We’ve talked at length in other articles about the effect of certain hormones on the body’s ability to lose weight. Recent research is starting to establish a much more pressing association between hormone control and weight loss. If you can control two metabolism-related hormones, Ghrelin and Leptin, there’s a good possibility your weight will follow suit.
Many dieters struggle after the first month or so to continue the weight loss regimen that they started off so enthusiastically. After showing some initially encouraging gains, weight loss has slowed to a point where the dieter is in limbo, following all of the diet and exercise instructions, and yet not realising the weight loss. You’ve basically hit “The Wall”, just like a long-distance runner. However, all is not lost. According to new research, it appears that the two primary hormones that are linked to weight fluctuation and metabolism change, can be a help. The first is Ghrelin, which causes the body to “feel hungry” and so requires food. The second is Leptin, which we’ve talked about before in previous articles. This chemical makes the body feel “nourished and satisfied”. These two substances work hand in hand and when controlled, can get a dieter over that “Wall Effect”.
We’ll talk here about some of the practices that we can use to help along the dieting process, but bear in mind that some of what we suggest here may contradict what I’ve recommended before. Remember – these are opinions based on factual research and in no way are designed to confuse or deceive. It’s just another way to approach a problem.
Ghrelin is a hormone that’s secreted in the brain and stomach and when released, tells the brain that the body needs food. It generally surfaces in higher levels at 8am, 12pm, 3pm, and 6pm (basically meal times – no surprise there!). Ghrelin cannot be controlled artificially but we can “fool” it. If we can trick it into thinking the body has had its “fill” by consuming high volume foods that are low in calories, that’s half the battle. Lean meats, white fish, and non-fat Greek yoghurt will suppress the Ghrelin effect. Carbohydrate foods such as lentils, sweet potatoes and rolled oats have the same effect. Also, large quantities of water will fill the stomach and reduce those annoying hunger pangs.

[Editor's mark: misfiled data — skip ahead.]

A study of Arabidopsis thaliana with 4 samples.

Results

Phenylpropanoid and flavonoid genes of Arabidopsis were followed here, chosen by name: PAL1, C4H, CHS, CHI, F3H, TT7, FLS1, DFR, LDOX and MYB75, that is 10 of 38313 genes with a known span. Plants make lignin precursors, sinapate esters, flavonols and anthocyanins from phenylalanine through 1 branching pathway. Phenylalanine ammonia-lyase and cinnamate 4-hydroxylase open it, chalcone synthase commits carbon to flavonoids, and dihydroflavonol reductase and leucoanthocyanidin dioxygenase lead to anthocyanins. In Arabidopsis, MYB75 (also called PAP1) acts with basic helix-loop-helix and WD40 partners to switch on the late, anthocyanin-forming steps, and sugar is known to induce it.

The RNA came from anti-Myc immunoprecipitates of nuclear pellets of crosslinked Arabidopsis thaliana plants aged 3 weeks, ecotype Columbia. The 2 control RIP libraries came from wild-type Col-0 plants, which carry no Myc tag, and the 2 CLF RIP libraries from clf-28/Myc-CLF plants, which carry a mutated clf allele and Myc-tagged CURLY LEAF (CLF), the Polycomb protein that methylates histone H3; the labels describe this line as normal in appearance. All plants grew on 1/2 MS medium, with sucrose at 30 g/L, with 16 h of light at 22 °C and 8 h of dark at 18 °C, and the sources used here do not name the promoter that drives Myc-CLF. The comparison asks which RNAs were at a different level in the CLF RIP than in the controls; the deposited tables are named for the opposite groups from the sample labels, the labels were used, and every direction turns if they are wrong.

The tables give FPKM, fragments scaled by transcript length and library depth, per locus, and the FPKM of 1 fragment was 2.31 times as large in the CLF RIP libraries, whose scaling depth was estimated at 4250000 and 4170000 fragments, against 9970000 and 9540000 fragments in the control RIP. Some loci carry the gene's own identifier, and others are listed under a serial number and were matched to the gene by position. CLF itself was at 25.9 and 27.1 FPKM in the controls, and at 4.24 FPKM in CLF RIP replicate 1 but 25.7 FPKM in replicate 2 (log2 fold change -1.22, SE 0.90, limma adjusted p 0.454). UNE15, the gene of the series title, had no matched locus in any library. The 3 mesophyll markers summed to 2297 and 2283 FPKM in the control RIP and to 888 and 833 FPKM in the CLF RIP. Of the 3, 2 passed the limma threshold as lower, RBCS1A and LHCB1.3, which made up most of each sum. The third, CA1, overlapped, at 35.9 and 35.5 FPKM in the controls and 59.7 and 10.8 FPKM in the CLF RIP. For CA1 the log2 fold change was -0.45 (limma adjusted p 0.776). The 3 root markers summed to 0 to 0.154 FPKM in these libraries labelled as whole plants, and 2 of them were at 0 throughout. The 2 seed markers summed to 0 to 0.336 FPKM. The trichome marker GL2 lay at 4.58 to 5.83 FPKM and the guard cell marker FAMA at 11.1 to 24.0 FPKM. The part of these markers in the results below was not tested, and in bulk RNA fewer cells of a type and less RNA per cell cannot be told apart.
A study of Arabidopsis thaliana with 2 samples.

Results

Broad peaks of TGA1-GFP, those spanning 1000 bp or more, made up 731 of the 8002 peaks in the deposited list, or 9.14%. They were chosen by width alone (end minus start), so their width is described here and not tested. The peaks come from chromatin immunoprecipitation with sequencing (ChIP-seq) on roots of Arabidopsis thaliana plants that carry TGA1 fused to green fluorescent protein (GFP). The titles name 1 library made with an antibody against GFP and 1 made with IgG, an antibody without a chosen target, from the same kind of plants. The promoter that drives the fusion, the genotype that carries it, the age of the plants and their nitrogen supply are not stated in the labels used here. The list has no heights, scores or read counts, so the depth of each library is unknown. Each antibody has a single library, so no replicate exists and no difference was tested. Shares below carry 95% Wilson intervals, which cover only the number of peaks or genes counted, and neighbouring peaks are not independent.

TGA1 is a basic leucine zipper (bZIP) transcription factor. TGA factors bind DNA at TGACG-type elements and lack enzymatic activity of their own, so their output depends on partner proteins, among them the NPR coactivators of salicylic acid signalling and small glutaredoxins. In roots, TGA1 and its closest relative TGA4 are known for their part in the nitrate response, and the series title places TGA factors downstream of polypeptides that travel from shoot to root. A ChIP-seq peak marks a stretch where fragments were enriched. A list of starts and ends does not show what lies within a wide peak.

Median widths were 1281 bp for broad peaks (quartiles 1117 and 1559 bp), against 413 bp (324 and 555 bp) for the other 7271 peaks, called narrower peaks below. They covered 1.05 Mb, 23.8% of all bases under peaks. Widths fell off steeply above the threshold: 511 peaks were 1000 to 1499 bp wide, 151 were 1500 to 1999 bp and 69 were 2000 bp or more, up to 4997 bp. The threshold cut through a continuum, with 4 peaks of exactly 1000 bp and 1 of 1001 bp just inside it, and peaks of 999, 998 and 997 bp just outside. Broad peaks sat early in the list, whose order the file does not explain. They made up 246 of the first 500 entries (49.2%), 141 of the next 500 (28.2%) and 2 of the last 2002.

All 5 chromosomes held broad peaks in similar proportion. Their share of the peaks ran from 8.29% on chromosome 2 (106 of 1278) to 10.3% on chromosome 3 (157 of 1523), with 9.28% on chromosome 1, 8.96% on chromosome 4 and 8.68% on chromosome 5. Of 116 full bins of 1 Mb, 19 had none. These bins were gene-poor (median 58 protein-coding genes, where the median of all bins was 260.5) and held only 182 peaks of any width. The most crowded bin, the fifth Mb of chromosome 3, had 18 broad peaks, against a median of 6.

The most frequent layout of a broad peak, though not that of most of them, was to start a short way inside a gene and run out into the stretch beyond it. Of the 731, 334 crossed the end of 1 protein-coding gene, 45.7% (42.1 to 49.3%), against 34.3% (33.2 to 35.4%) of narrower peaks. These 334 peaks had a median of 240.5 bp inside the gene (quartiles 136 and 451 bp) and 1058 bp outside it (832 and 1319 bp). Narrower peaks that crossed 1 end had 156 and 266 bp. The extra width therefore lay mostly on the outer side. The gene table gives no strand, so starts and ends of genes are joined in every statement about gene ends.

Leptin is produced in the fat cells and tells the body that “I’m done”. Usually, the more overweight a person is, the higher the Leptin content, which suggests that the body would require LESS food. That’s not the case according to researchers. Overweight people typically become resistant to Leptin so reducing its “satiating” effect. Frankly, the body needs to have an even balance of Ghrelin and Leptin to reduce weight and provide a curve which leads to consistent results. Here comes a curve-ball. In order to effect this balance, sometimes too much cardio-exercise can cause overproduction of Ghrelin which isn’t what we want, so as always, set your gym schedule in moderation.
The evidence presented here should be somewhat beneficial to those of us struggling to get back on the horse again, and also, those of us having no success reducing belly fat. However, once again, “moderation” needs to be a factor here to make sure that concrete results are obtained without any adverse health effects.
I’d be interested to get any feedback from someone who has tried this hormonal control approach. Tell us in comments about your experience!